Come Celebrate 100 Years!
The UGA Graduate School will begin its 100th anniversary celebration with the Centennial Kickoff featuring a speech by Debra Stewart, president of the Council of Graduate Schools. She will discuss opportunities and challenges facing graduate education in the next decade and beyond in a speech called The Future of Graduate Education: What Do We Need to Do Monday and Why?
Stewartís speech will address the developments of graduate education in the United States and how universities can prepare themselves for oncoming changes. She will also address how graduate programs can establish benchmarks to achieve their aspirational goals.
After serving several higher education positions in North Carolina, Stewart has been a national spokesperson for graduate education as president of the Council of Graduate Schools for 10 years.
The Council of Graduate Schools is the leading organization in advancing and researching graduate education nationwide. CGS has more than 500 member institutions, and CGS members award 94 percent of U.S. doctorates and 75 percent of U.S. masterís degrees.
The inaugural event to the year-long celebration will also include remarks from Michael Adams, UGA president, and Maureen Grasso, dean of the Graduate School, as well as the presentation of the first annual Graduate Schoolís Innovation in Graduate Education Award.
The Centennial Kickoff will take place on Jan. 28 at 3:30 p.m. in the Grand Hall of the Tate Student Center.
Although masterís degrees have been awarded by UGA since 1870, the formal recognition of graduate education at UGA ushered in a new era of student learning and teaching. Departments set standard benchmarks for students to reach before awarding a graduate degree.
On June 10, 1910, UGA organized its graduate education practices under the Graduate School when the Board of Trustees named Professor Willis Henry Bocock as dean of the Graduate School. Still, the Graduate School remained a small segment of the overall university. In 1910, seven students enrolled for graduate study; in 2008, a record-setting 7,160 students enrolled for graduate study.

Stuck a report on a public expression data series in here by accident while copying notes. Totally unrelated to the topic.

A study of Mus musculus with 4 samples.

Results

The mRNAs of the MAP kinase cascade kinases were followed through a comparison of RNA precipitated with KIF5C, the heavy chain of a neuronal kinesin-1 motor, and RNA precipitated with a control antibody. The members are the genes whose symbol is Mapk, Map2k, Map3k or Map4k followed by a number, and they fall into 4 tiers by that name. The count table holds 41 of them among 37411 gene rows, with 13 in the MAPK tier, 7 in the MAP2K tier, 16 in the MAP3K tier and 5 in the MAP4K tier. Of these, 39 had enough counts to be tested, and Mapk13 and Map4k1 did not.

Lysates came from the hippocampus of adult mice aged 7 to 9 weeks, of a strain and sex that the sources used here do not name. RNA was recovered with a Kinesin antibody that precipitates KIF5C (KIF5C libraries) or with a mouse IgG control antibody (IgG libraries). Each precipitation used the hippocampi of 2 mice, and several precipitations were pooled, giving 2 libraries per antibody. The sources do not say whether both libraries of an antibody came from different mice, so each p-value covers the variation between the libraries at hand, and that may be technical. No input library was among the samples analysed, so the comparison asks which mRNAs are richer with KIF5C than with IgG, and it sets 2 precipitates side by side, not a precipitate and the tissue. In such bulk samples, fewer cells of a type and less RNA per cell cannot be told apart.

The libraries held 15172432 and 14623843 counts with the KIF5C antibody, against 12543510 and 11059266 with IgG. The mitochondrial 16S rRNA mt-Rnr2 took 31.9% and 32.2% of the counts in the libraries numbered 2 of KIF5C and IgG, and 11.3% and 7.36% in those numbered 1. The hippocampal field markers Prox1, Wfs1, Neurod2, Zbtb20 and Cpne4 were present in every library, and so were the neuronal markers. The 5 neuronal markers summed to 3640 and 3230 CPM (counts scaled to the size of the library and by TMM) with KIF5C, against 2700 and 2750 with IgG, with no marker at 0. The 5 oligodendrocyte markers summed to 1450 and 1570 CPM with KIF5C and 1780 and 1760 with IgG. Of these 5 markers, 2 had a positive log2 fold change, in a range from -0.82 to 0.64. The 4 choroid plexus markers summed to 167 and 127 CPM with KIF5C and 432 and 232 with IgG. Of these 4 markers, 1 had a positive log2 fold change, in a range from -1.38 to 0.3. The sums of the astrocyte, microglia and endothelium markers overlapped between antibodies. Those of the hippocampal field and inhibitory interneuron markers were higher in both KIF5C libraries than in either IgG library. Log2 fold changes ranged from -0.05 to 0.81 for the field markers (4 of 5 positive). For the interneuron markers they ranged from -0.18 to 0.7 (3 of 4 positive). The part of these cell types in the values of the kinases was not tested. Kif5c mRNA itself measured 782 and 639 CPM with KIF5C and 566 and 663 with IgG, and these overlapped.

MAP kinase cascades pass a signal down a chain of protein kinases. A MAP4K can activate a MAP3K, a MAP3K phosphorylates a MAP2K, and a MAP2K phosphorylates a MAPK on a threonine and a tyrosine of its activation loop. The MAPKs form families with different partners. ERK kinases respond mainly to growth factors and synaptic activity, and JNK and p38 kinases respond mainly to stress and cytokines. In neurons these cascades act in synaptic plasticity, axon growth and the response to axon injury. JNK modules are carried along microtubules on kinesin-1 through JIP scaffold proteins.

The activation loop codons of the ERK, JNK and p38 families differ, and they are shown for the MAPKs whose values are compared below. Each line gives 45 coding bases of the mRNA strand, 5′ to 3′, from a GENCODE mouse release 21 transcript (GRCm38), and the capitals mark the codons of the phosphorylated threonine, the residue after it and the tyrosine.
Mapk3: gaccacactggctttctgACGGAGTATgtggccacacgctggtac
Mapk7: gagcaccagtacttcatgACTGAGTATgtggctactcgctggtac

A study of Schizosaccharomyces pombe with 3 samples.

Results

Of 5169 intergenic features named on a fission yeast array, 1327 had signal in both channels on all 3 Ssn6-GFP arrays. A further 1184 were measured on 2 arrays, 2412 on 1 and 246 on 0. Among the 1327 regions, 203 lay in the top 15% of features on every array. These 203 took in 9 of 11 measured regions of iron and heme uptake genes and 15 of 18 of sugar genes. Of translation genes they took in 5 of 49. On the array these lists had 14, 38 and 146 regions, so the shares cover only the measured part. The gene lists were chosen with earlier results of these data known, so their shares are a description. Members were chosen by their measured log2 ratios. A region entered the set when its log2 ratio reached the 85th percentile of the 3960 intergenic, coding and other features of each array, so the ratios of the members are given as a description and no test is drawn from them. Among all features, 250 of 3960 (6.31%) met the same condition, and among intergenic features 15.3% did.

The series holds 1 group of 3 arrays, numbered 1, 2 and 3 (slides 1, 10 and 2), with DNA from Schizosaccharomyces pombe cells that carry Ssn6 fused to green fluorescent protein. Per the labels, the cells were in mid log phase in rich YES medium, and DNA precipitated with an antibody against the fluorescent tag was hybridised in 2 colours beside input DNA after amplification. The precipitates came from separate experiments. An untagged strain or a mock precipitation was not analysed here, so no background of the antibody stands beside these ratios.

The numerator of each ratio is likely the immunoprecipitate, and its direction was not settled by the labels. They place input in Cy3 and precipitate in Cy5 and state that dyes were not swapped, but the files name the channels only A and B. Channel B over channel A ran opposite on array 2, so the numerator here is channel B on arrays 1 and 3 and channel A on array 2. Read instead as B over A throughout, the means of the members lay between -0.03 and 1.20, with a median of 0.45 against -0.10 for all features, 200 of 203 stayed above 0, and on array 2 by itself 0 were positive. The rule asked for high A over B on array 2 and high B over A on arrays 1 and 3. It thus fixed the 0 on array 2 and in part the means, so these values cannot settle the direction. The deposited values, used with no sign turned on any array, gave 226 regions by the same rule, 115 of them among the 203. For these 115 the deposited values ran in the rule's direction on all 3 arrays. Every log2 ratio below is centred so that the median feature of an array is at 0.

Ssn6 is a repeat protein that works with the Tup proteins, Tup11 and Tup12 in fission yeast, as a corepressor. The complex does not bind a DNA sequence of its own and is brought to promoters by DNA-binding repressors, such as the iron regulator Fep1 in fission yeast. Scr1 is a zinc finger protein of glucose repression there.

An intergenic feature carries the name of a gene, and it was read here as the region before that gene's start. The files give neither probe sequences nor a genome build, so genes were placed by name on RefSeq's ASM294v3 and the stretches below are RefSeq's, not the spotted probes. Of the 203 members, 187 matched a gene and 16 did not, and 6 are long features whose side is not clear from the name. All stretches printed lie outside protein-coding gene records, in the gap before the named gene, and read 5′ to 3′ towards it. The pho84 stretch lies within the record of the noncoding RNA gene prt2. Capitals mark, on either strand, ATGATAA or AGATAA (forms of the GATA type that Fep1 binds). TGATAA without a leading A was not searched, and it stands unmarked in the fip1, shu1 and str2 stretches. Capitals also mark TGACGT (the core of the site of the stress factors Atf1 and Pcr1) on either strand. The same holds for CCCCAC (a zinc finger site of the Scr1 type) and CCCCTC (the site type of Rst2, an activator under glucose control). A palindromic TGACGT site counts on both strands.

The Graduate School awarded its first masterís degrees to three students in 1913. A year later, Mary D. Lyndon became the first woman to receive a masterís degree. She went on to become the universityís first dean of women.
The initial graduate degrees offered by UGA were Master of Arts, Master of Science, Civil Engineering and Master of Science in agriculture. Doctoral degrees were first offered in 1935 in three fields Ė chemistry, biological sciences and history. From the limited number degrees available in the early years, today UGA offers masterís degrees in 118 fields and doctoral degrees in 79 disciplines.
In 1962, Mary Frances Early made history when she became the first African-American to receive a degree from UGA. Early graduated with a masterís degree in music education, and afterward she went on to teach music in Atlanta public schools and serve as chair of the music department at Clarke-Atlanta University.
Since then, the student population has become more diverse every year. African-American and Latino graduate student enrollment increased by 5.6 percent and 9.6 percent, respectively, in 2008. Also, in the last few years UGA has been consistently ranked in the top 20 U.S. universities for awarding doctoral degrees to African-Americans.